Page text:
What a difference a year makes.

Exactly 366 days ago, a sold-out BMO Field was awash with excitement and anticipation, supporters braving the elements for the hours leading up to and after a resounding win over Jamaica as Canada comfortably secured qualification for a first men’s World Cup in 36 years.

On Tuesday evening, in the team’s first appearance at home since its World Cup ended with a 2-1 loss to Morocco on Dec. 1, the venue was rather less frenzied. The upper sections of the stands were closed off, and hundreds of tickets – many selling for upwards of $100 – were still available in the hours leading up to kickoff. The pricing left many fans exasperated, with former Canadian men’s team goalkeeper Craig Forrest taking to Twitter to label the policy as “extortion” and bad for growing the game.

The attendance was 13,626.

If only ticket pricing were the lone hurdle preventing soccer from getting ahead in this country at present. Seeing current members of the women’s national team and the sport’s executives bringing their labour dispute before the House of Commons is certainly suboptimal.

Still, for those that like to focus solely on what happens on the pitch, Tuesday’s game was a resounding success. The 4-1 win over Honduras, the 81st-ranked team in the world, was more akin to a comfortable stroll in the park for John Herdman’s 53rd-ranked squad.

Cyle Larin, who currently plays for a team owned by the original Ronaldo, pulled off a passable impression of the Brazilian legend right out of the gate in dispatching two well-taken goals within the opening 11 minutes. The first, following a neat give-and-go with Jonathan Osorio, was dispatched into the net with his right foot, while the second, following a corner from Stephen Eustaquio, was headed forcefully past Luis Lopez in the Honduran goal. Larin was given the perfect opportunity to complete a first-half hat trick three minutes before the interval, but he contrived to push a right-footed shot wide of the right post.

For Larin, the goals were a welcome development on two fronts. For Canada, they represented his 27th and 28th international goals, adding to his burgeoning legend as the top career scorer for the men’s national team. For his club team, it could prove an ideal warm-up for this weekend, when Real Valladolid visits the Spanish capital on Sunday to take on the reigning European champions, Real Madrid. Larin has already scored five goals in nine appearances for La Liga’s 16th-placed team since joining on loan from Belgium’s Club Brugge in January.

Not to be outdone, Larin’s striker partner, Jonathan David, got in on the scoring act in the 49th minute. The Lille striker, currently tied with Paris St-Germain striker Kylian Mbappé atop the Ligue 1 scoring charts, steered home a rebound to register his 24th international goal in his 40th appearance for Canada.

And Osorio added a late insurance goal in the 86th minute, taking a pass from Toronto FC teammate Ayo Akinola before directing the ball wide of Lopez for his eighth goal for Canada.

Alphonso Davies, who famously scored Canada’s first goal in a men’s World Cup last November, was held off the scoresheet here in his first game back in his home country since scoring that goal at BMO Field against Panama in late 2021, although he played his part in the buildup to the opener. And 40-year-old midfielder Atiba Hutchinson came on for Eustaquio in the 62nd minute to extend his own national-team record with his 103rd international appearance.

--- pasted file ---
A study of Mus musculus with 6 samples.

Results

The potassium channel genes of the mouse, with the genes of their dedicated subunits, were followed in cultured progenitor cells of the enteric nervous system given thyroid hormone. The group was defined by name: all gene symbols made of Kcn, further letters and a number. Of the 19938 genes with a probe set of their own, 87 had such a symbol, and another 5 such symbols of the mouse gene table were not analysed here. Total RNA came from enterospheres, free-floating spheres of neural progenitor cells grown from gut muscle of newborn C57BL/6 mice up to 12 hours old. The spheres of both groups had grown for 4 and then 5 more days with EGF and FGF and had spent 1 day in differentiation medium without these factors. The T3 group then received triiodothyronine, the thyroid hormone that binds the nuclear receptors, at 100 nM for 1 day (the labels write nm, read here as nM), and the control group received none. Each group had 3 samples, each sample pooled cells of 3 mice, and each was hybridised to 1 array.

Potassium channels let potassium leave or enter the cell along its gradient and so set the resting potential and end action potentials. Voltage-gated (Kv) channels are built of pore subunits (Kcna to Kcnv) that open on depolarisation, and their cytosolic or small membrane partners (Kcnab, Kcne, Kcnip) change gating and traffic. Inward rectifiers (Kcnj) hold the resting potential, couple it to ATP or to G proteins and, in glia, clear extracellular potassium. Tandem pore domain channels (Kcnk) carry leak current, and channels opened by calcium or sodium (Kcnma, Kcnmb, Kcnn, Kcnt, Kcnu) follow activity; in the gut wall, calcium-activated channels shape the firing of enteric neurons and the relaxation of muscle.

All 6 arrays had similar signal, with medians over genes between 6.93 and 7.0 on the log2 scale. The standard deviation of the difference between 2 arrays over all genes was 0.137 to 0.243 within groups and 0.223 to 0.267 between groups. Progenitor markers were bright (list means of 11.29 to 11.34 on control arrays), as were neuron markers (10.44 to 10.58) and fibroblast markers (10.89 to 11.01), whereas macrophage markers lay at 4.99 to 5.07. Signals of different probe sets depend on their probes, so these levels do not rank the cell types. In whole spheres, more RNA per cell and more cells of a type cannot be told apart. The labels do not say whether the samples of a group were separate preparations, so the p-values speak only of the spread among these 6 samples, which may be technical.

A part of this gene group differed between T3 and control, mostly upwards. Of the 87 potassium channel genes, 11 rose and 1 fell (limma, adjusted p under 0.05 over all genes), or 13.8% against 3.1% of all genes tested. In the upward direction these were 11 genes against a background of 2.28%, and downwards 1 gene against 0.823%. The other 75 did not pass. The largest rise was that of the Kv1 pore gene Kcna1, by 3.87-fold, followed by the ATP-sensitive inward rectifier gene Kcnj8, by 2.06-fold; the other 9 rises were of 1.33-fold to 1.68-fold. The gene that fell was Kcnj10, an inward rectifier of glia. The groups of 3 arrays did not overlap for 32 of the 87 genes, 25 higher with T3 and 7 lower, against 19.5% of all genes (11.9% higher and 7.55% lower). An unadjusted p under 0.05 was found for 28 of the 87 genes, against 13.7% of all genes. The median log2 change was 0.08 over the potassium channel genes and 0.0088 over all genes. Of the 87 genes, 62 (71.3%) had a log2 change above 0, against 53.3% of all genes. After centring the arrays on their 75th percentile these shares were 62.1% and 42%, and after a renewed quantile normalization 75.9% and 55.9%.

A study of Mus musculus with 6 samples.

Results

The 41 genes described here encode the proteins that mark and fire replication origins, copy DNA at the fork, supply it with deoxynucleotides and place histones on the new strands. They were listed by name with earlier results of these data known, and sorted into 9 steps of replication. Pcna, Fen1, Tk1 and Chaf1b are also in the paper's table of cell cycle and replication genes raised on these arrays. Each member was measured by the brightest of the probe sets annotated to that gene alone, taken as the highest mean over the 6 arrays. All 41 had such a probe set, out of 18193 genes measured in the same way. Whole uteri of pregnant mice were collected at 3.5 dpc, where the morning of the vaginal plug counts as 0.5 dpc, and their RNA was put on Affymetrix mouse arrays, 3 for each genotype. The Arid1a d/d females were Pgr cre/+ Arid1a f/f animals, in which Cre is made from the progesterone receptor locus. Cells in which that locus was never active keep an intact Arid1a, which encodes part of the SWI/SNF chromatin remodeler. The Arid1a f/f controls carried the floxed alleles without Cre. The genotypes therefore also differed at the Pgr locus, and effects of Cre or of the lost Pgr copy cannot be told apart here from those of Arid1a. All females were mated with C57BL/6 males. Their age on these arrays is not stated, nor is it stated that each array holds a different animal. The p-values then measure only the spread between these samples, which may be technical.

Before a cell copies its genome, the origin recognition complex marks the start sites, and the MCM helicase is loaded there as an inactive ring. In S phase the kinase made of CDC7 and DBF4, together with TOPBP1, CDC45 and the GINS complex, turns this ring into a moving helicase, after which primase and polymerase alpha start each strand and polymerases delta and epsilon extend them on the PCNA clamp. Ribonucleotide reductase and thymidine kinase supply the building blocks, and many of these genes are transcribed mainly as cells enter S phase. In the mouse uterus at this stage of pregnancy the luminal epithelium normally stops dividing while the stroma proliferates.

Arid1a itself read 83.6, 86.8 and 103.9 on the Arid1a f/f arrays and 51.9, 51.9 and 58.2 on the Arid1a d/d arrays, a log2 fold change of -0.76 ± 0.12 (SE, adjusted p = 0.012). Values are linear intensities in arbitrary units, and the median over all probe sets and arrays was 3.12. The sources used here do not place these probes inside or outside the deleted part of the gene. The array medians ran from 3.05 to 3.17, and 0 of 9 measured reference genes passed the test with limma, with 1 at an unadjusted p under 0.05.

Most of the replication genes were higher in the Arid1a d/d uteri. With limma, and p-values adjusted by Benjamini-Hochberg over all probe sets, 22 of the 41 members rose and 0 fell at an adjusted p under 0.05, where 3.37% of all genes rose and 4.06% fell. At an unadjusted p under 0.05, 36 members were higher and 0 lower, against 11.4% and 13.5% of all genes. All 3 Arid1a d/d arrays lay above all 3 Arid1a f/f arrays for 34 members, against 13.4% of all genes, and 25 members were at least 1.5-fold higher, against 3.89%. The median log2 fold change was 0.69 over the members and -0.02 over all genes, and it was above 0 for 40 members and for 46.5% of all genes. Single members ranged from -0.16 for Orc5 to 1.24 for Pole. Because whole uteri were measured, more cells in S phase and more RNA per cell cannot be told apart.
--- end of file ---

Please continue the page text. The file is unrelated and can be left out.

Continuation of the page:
The veteran midfielder, who made his Canada debut back in 2003 and has made just four appearances for his club side Besiktas in Turkey, says the end of his national-team career is getting near.

“I’m really close now to the end of it,” he said after the win. “It’s been a great spell for me, a good career and I just want to finish off on a high note, finish off good.

“But yeah, this is not my announcement, but I’m kind of just letting you guys know that I’m happy about the career I’ve had with the national team and just getting really close to the end of it.”

But Canada’s chance for a second straight clean sheet disappeared in the 73rd minute, when Jorge Benguche directed a glancing header wide of Milan Borjan, although the goal wasn’t enough to prevent Canada from stretching its unbeaten run on home soil to 16 games.

The win also punched Canada’s ticket to the CONCACAF Nations League final, to be held at Allegiant Stadium in Las Vegas in June, joining defending champions Mexico, the United States and either Costa Rica or Panama, which played each other late on Tuesday to determine the fourth and final finalist.

Though a fledgling tournament, founded just five years ago, the Nations League gives this Canadian squad the chance to do something that Herdman has made a priority this year – lifting a trophy.

“There’s no bigger moment than when you hold a trophy together, when you actually win something. So it’s right at the front of this group’s mind,” he said.

Canada is always going to face an uphill battle to win the World Cup, and with just one Gold Cup victory in its history – back in 2000 – hoisting silverware is something that the men’s team has little practice at. But it will get another crack at the Gold Cup later this year, and fledgling or not, the Nations League provides yet another target to take aim at.

“In CONCACAF, we are one of the top four teams on paper,” Herdman said. “Qualitatively, we’ve got talent in our squad, we’ve got some good experience now. So this year is about sticking our necks out and saying we’ve got to win something.”